The last time Tendulkar featured in a newspaper poll was when readers were asked who should be the first sportsperson to receive India's highest civilian award, a Bharat Ratna.
As India succumbed to their second straight overseas whitewash in Australia, a newspaper carried a poll this weekend in which more than 36 percent opined the 38-year-old 'Little Master' should hang up his bat.
Quite a significant percentage, considering the man in question has virtually been the sacred cow of Indian cricket since his first Test century in 1990.
The results were even worse for the two stalwarts Tendulkar sits sandwiched between in the batting order.
More than 58 percent favoured 39-year-old Rahul Dravid's immediate departure while 82.6 percent would prefer not to see VVS Laxman (38) in India colours again.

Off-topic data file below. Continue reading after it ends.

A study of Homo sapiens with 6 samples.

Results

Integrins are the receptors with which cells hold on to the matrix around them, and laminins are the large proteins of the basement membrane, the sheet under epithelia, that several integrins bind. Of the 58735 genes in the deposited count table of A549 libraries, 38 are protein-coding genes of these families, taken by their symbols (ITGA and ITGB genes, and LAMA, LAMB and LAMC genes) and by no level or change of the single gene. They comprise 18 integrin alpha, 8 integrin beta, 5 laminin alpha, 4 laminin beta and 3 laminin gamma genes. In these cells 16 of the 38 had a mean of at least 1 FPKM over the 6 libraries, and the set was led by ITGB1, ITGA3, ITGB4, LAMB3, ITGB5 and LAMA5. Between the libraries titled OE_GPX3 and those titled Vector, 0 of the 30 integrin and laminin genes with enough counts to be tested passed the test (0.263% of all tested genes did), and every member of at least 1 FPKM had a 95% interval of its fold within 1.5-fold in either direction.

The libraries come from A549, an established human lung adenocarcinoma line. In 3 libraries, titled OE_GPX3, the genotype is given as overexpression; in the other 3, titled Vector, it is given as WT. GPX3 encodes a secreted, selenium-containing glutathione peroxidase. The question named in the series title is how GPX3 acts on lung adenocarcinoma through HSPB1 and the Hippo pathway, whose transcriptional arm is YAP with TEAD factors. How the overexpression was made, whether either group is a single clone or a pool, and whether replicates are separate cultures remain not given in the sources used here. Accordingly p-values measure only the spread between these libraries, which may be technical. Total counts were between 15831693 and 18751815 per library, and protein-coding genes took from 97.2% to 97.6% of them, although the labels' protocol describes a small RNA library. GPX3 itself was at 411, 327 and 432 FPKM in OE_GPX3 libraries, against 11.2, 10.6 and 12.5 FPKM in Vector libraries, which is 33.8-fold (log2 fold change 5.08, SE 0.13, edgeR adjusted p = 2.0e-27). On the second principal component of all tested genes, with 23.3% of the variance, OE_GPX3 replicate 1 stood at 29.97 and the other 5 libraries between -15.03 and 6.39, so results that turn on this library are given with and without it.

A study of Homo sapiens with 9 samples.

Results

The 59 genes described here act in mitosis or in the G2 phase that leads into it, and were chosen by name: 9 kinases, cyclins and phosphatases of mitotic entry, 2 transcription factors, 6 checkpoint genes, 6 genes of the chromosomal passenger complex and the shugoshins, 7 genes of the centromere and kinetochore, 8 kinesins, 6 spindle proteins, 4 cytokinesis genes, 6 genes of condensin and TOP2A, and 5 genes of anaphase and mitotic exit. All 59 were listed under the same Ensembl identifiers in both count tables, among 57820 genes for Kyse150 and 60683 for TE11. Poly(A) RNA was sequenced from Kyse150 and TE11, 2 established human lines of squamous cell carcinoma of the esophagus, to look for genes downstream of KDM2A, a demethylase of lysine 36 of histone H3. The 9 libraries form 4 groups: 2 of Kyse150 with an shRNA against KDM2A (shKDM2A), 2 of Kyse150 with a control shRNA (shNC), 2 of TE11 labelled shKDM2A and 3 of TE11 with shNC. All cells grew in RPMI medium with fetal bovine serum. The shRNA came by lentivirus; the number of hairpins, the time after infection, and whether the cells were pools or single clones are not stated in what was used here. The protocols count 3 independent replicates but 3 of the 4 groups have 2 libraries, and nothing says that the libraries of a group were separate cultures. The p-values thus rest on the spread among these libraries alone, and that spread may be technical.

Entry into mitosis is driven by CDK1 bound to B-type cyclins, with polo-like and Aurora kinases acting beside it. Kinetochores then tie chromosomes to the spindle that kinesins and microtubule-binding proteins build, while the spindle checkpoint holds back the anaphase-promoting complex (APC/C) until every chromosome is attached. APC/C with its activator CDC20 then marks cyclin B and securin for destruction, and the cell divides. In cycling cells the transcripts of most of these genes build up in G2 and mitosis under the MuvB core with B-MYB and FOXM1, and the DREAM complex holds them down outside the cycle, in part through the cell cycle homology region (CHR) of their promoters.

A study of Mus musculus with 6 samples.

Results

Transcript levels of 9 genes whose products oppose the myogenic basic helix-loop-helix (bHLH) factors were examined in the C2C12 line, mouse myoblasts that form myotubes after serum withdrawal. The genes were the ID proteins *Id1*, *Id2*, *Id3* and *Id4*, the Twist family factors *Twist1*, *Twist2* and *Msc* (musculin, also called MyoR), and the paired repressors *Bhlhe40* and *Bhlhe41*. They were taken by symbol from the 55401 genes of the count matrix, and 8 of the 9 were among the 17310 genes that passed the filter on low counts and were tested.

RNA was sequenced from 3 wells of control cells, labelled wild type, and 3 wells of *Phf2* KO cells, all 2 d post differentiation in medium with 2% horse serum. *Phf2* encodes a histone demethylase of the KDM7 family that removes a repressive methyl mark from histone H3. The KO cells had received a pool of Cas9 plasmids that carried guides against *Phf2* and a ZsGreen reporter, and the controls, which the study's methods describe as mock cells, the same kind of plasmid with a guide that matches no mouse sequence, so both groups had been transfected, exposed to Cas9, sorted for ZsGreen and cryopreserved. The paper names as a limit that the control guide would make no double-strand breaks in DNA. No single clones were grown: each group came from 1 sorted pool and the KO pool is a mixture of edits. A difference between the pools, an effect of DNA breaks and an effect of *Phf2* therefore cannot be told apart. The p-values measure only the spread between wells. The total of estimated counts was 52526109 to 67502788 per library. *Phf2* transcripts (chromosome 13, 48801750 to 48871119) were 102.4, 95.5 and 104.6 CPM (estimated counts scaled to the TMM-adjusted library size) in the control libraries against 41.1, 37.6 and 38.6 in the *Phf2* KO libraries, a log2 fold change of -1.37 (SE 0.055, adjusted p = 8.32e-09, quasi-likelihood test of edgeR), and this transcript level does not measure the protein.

"Age is conspiring against them," former Test player Ravi Shastri wrote in a column that appeared in Sunday's Times of India newspaper.
"A bad series or two at the start of your career is almost a given. A series or two at the end is a catastrophe. Everyone is in an unforgiving mood."
From India's perspective, the Australia tour was a disaster, where anything that could go possibly wrong invariably did.
The biggest letdown was the vaunted batting order where Tendulkar, Dravid and Laxman - who have more than 37,500 Test runs between them - made a collective contribution of 636 runs in the four-Test series.
Dravid, who alone had scored 619 in the drawn 2003-04 series, managed just 194 runs at an average of fewer than 25 per innings.
His legendary defence, that earned him the moniker of "The Wall", was breached seven times in eight innings, including by a Peter Siddle no-ball in Melbourne.